Are you focusing too much of your efforts on a relationship? Are you spending a large part of your life watching over and worrying about the person you love? Has your focus on this person take over your own life? You might be in a co-dependent relationship.
Co-dependent relationships can be unhealthy and sometimes very destructive. As a co-dependent, you can end up sacrificing too much of your own life and your own feelings while trying to care for or make your loved one feel better. Co-dependency is defined as an excessive emotional or psychological reliance on a partner. With addiction, the co-dependency is often with a spouse or a parent. A co-dependent can take an excessively passive, controlling, or caretaking role with an addict.
10 Examples of Co-dependent Behaviors:
- You have an exaggerated sense of responsibility for others’ actions.
- You tend to do more than your share, all of the time.
- You depend on this relationship, even if it is an unhealthy one, and will do anything to hold onto the relationship to avoid feeling abandoned.
- You have an extreme need for approval and recognition.
- You feel guilty when you assert yourself.
- You feel a need to control others.
- You don’t trust in yourself and/or others.
- You have difficulty identifying your feelings.
- You have problems with intimacy and/or boundaries.
- You have lied or been dishonest
Does this sound familiar? Here at Cornerstone, we recognize that addiction is a family disease that affects the addict as well as everyone around them. Since we focus on treating addiction as a family disease, we recognize that often times relationships need to be repaired and healing must take place as part of the recovery process. If you recognize these patterns of co-dependency in your life, and you are dealing with a loved one who is an addict, call Cornerstone Recovery Center to speak confidentially with an admissions counselor. We are available at 888-711-0354 or you can fill out a form online 24/7.
Co-dependency and Enabling
You might have heard of enabling before in relation to addiction. Co-dependency is part of enabling. Enabling, in the negative sense, is defined as dysfunctional behavior tactics that are intended to help resolve a specific problem or a situation, but ends up perpetuating the problem or making it worse. Co-dependent parents or spouses often end up enabling an addict when they cover for them by making excuses or calling in sick for them, for example. When this behavior is examined, it can become evident that covering for an addict in this fashion doesn’t hold them accountable for their actions.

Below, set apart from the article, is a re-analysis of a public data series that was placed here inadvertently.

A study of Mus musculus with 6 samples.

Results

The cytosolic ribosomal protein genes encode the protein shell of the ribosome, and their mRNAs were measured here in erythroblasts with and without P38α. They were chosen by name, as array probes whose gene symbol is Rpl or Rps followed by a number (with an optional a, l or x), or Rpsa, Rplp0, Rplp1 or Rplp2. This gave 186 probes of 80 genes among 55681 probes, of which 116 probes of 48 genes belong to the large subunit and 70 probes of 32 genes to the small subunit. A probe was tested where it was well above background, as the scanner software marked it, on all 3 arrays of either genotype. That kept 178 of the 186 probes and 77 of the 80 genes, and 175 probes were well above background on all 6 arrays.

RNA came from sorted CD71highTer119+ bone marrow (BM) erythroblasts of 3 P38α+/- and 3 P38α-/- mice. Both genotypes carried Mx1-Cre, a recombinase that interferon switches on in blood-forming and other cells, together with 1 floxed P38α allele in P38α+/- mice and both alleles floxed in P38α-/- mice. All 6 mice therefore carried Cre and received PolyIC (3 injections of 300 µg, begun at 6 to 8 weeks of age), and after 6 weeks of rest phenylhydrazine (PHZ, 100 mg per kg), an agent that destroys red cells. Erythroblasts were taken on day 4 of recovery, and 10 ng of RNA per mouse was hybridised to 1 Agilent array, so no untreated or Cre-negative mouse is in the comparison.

How Do You Know If You Are In A Co-Dependent Relationship?
If you are not sure if you are in a co-dependent relationship with your spouse or your son or daughter that is an addict, see the questions below. If you can answer yes to or identify with several of them, then you might need to seek help for co-dependency or enabling.
- Do you recognize yourself partaking in unhealthy behaviors but continue to stay with your spouse or refrain from making your adult child face consequences for their actions?
- Is your own mental, emotional, and/or physical health being sacrificed by the attention you give to the addict in your life?
- Are you mistaking the need to help someone with loving them?
- Do you give up your own interests for the sake of the addict in your life?
- Are you giving more of yourself than you are getting back?
- Do you feel yourself remaining in the relationship to your own detriment?
- Do you have difficulty identifying your feelings?
- Do you feel compelled to control others?
- Do you avoid change or action for fear of being alone or without that person?
- Do you have a problem keeping set rules or setting boundaries?
Cornerstone Recovery Center Treats Addiction as a Family Disease
If you can identify with these questions, we can help. Cornerstone Recovery Center in Ft. Lauderdale focuses on treating our client and helping their family members learn how to heal and grow. We host Family Night events two times per month. Treatment plans are customized for each of our clients with elements of relapse prevention, cognitive behavioral therapy, and a lifestyle of recovery throughout treatment and beyond. If you would like to learn more about our residential and outpatient Ft. Lauderdale facilities, call Cornerstone Recovery Center at 888-711-0354 or contact us online.